The recent U.S. Ebola cases alarm some Americans, but their concerns are unwarranted. Such dangerous infectious diseases can be controlled as long as our federal and local public health agencies have adequate resources.
Americans should remember SARS, West Nile Virus and Swine Flu. All were dangerous outbreaks. But for the most part, U.S. public health agencies are managed by fully trained health professionals who understand what needs to be done when a disease like Ebola erupts.
Experts suspect that Ebola was initially spread from animal to man in West Africa. The U.S. cases typically involved travelers from West Africa.
One must put in perspective that Ebola case numbers are relatively low even in West Africa when you consider diseases such as TB, AIDS and malaria.
Countries facing outbreaks such as sub-Saharan Africa typically have poor health systems. There are inadequate hospitals, physicians, nurses, and little or no resources to respond to people living in extreme poverty.
Outbreaks like Ebola call for cooperation from wealthier nations to address poverty, hunger and war. All nations have a stake in addressing poverty to reduce global health risk.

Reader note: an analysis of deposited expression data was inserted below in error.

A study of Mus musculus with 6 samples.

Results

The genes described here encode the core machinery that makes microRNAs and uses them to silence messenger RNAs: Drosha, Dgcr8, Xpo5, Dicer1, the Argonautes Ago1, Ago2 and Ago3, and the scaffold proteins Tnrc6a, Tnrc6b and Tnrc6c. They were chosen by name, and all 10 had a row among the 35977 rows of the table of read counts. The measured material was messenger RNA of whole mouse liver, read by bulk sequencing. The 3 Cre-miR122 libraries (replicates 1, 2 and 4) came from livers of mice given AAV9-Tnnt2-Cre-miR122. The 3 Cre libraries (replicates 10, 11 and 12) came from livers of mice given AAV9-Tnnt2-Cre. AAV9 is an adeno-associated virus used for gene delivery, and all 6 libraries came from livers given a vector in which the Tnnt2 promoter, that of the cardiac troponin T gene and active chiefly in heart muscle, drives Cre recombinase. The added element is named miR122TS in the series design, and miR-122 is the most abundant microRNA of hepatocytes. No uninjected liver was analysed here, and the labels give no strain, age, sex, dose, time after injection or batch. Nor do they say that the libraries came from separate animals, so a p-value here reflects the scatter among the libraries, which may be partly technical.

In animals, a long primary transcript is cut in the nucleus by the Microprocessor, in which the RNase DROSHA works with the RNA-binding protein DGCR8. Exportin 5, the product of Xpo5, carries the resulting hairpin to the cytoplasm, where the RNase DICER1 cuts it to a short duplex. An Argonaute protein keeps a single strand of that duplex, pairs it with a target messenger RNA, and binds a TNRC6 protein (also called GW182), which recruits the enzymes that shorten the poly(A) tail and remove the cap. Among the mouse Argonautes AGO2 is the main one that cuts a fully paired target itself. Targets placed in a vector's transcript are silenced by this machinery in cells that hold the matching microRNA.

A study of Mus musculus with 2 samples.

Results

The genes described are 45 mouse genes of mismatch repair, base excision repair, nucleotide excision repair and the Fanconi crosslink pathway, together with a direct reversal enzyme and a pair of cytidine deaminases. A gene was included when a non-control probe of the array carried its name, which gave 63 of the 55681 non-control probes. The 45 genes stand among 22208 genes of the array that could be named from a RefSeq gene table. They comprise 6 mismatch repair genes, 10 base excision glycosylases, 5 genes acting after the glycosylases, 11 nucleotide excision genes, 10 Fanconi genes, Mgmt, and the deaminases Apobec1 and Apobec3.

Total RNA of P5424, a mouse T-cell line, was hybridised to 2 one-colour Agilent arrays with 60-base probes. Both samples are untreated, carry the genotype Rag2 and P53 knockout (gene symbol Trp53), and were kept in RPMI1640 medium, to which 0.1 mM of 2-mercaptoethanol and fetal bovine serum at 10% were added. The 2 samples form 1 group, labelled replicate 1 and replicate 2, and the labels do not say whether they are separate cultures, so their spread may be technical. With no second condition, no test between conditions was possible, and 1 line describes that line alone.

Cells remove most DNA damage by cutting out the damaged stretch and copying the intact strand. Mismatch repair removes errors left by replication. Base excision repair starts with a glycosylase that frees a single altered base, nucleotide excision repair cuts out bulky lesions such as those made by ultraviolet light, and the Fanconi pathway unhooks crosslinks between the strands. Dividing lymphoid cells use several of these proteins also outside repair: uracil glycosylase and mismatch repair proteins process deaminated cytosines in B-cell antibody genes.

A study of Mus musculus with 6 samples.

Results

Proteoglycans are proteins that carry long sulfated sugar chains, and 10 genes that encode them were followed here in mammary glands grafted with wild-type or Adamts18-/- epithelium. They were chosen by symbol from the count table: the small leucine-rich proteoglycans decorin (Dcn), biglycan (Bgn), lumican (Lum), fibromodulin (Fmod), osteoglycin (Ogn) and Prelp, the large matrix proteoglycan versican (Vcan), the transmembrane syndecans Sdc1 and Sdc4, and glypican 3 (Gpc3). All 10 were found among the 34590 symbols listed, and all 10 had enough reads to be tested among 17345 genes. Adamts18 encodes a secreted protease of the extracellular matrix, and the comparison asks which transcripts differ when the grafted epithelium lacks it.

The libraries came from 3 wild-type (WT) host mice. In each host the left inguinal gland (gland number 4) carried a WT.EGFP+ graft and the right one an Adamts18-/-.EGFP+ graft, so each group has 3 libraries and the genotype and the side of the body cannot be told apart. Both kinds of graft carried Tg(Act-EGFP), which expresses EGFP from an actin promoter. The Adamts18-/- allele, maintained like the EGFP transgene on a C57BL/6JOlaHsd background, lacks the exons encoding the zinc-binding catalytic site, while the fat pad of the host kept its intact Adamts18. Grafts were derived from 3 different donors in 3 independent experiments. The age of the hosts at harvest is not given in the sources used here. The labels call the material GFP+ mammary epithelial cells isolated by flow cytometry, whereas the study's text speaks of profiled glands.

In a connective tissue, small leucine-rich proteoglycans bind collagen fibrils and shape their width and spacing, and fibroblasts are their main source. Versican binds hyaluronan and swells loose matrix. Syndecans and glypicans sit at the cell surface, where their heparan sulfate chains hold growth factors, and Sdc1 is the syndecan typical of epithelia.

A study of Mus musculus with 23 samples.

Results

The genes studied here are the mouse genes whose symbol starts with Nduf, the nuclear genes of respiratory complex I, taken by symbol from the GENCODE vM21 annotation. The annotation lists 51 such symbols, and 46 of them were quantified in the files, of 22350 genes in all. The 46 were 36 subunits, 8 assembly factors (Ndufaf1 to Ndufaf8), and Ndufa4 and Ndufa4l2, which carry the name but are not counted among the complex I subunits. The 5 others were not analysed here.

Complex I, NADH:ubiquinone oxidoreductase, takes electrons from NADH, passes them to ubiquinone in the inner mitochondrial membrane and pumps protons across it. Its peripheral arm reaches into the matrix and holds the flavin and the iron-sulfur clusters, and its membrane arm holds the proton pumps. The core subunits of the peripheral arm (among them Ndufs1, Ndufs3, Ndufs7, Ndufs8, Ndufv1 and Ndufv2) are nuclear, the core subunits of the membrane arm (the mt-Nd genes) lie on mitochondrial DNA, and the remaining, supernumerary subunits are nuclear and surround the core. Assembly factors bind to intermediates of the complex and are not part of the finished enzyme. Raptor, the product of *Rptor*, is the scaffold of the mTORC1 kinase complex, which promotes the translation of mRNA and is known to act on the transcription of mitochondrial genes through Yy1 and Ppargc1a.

The United States Public Health system is sophisticated enough to respond to infectious disease. The only serious weakness in the U.S. system is the 42 million people who are uninsured and the millions of others who are underinsured. Uninsured people are reluctant to seek health care, which is a threat to all of us.
Those at risk for Ebola typically live in abject poverty and have little or no access to adequate public health services. When an outbreak occurs, the international public health community focuses on the affected area.
On a positive note, cases identified in the U.S. will be managed in a very sophisticated public health system that should halt the spread of the disease.
The fatality rate of Ebola can vary from 25 percent to 90 percent. There have been no deaths in the U.S.
The cost to treat and contain the disease is enormous. Ebola is spread by body fluids, contaminated needles and infected animals. It is not spread through the air, water or, in general, by food. There is no evidence that mosquitoes or other insects can transmit the Ebola virus.
The U.S. faces small risk to an expanded Ebola epidemic as long as adequate resources exist to pay for critical public health efforts.
Dr. Marc Yacht is a semi retired physician. This column courtesy of Context Florida.